Civil Rights Activist Myrlie Evers-Williams remembers a different Detroit. One that was thriving when she used to visit her father decades ago when he worked at the Ford Motor Company.
Now she admits the city’s woes are painfully visible, and its national image seems irrevocably tarnished. But tells the residents of Detroit “Don’t give up.” This does not have to be a reality.
Honored on Wednesday night at the 16th Annual Ford Freedom Award for her tireless, 30-year effort to bring the murderer of her slain husband, civil rights activist Medgar Evers, to justice, Evers-Williams spoke poignantly about the Detroit she came to know and love; and the significance of one of its treasures, the Charles H. Wright Museum.
“It’s the largest institution of its kind in the world,” says Evers-Williams, who serves as chairman of the Medgar and Myrlie Evers Institute in Jackson, Mississippi, and is chairman emeritus of the NAACP. “It certainly sends a ray of information and hope for other cities and towns to follow. The outreach to other parts of the world certainly is critical in the development and continued success of Detroit.”
The museum is the nation’s largest institution dedicated to African-American history. It hosts a 30,000-piece collection of artifacts and archives, including documents associated with the Underground Railroad, the letters of Malcolm X and Rosa Parks and prototypes of inventions by Black scientists, such as the stoplight and gas mask.
But now, all of this is at risk of being sold to help reduce the city’s $18 million debt.
The event on Wednesday, which was attended by more than 700 people, raised about $100,000 to benefit the Detroit-owned Wright Museum; which is like a village green to people who call the city home. The museum is a center for community gatherings, such as milestone birthday parties, receptions and 50th wedding anniversaries.
Juanita Moore, the Wright Museum’s president and CEO, serves as the 49-year-old museum’s chief cheerleader and leads the charge to secure additional financial support.
“The museum means a lot to Detroit,” she says. “It’s an institution that Detroit birthed. It birthed the largest African-American history museum in the world, and Detroit supported its beginning in a row house to this. While there hasn’t been a lot of discussion about it, we have been busy working with other organizations and community partners to ensure there is some sustainability for the museum.”
In the past three years, Moore acknowledges, the museum has lost more than $1.5 million in city funding, which previously contributed $2 million annually. To survive, half of its staff was released, executives took a 15 percent pay cut, and the Wright heavily relies on volunteers and interns. But the museum, in its current headquarters since 1997, maintained its hours and programs. To help replace lost funding, the Wright has launched the “Give a Grand, Make a Million” fundraising campaign by identifying individuals to donate at least $1,000.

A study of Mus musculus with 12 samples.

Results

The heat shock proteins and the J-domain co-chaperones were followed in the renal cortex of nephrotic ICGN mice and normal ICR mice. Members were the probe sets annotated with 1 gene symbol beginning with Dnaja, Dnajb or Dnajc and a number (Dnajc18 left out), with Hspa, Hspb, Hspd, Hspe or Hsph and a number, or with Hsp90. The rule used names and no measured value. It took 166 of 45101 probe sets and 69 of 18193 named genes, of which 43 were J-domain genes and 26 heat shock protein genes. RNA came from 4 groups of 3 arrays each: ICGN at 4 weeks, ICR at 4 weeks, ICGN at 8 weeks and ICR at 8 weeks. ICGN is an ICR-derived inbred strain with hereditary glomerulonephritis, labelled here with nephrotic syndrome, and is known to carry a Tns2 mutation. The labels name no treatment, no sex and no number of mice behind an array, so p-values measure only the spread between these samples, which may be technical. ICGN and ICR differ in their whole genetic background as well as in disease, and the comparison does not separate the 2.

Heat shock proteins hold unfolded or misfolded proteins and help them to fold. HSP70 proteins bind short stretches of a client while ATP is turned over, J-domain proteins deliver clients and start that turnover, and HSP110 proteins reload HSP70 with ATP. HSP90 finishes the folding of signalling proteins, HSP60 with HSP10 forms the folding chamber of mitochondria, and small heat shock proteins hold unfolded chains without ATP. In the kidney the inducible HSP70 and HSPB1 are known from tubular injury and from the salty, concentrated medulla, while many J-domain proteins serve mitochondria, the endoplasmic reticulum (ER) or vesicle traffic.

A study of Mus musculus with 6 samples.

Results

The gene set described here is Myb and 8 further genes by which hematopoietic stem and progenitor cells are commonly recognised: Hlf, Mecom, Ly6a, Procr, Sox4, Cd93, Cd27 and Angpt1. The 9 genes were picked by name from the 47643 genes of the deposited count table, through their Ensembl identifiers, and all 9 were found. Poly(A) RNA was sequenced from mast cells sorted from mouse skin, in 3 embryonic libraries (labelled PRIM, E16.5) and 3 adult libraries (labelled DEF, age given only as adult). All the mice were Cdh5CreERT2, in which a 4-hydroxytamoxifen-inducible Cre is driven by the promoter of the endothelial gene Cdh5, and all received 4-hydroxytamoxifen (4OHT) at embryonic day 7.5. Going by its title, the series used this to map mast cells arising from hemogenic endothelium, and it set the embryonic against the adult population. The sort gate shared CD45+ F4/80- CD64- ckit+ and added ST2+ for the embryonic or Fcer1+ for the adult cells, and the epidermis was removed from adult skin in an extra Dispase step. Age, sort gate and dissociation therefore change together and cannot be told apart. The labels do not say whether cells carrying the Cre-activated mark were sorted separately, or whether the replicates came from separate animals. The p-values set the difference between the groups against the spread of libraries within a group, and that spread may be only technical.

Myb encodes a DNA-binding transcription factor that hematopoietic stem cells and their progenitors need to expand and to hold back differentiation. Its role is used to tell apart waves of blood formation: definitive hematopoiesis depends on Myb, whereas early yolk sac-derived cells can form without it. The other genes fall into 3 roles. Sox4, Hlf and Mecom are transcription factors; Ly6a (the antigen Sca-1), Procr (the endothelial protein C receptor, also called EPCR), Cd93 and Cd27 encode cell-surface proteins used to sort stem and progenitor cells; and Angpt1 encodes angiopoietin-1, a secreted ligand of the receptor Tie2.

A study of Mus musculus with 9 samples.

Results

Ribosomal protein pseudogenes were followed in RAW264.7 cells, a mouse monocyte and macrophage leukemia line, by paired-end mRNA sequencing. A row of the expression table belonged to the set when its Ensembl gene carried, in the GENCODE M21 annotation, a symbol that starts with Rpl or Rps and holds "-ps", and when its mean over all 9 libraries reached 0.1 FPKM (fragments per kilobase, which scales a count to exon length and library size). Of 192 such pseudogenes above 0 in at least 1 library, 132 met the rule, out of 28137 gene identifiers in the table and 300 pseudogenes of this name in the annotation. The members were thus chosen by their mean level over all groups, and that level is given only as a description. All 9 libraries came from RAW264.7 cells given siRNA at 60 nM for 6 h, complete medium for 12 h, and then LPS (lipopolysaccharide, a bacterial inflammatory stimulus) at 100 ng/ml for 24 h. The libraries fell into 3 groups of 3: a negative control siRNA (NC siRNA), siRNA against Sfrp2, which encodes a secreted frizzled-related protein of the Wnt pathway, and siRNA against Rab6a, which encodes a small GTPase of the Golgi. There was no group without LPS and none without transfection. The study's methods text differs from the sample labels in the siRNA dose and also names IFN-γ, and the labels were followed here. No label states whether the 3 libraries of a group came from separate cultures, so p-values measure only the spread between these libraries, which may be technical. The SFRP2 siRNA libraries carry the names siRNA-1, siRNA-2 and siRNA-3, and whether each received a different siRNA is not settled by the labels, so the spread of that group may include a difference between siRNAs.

Supporters can help in a variety of ways, Moore says.
“You can do it at $83 a month to support the museum, become a member for $35, send a donation, or volunteer your time. We invite people to visit thewright.org, where they will find a number of ways to make a contribution.”
Moore says in the past few years, the museum has taken other measures to keep its doors open. Currently operating with a $4.5 million budget, with a $900,000 contribution from the city, Moore hopes to restore the budget closer to $7 million. It heavily relies on funding from the auto industry. Ford continues to be a strong financial supporter and even increased it’s support when the museum lost funding during the auto industry’s economic collapse.
Pamela G. Alexander, Director of Community Development for Ford Motor Company Fund, the philanthropic arm of Ford Motor Company, says the company will continue its partnership.
“The Charles H. Wright is really a treasure we have in Detroit and southeastern Michigan, and we’re very lucky to have it,” she says. “It has been a difficult time for our industry, and a difficult time for investment. Because of Ford’s long history with the museum, this is a long-term partnership for us, and it’s one we will continue to support. It’s important to be a good partner in difficult times.”
Evers-Williams suggests that Detroiters “never give up; keep your eyes on the prize.”
“I’m very hopeful, as I think most people are, that Detroit will become financially strong, well managed and will bring people back into the city, where there will be jobs, the housing will be much better than what it is now,” she said.
“It’s truly sad to see news reports on the city where it seems to be devastated to the point of no return. Perhaps positive stories will begin to come out. That’s mainly up to the press to shine a positive light on what is going on.”
We’d be happy to start here, Mrs. Evers-Williams.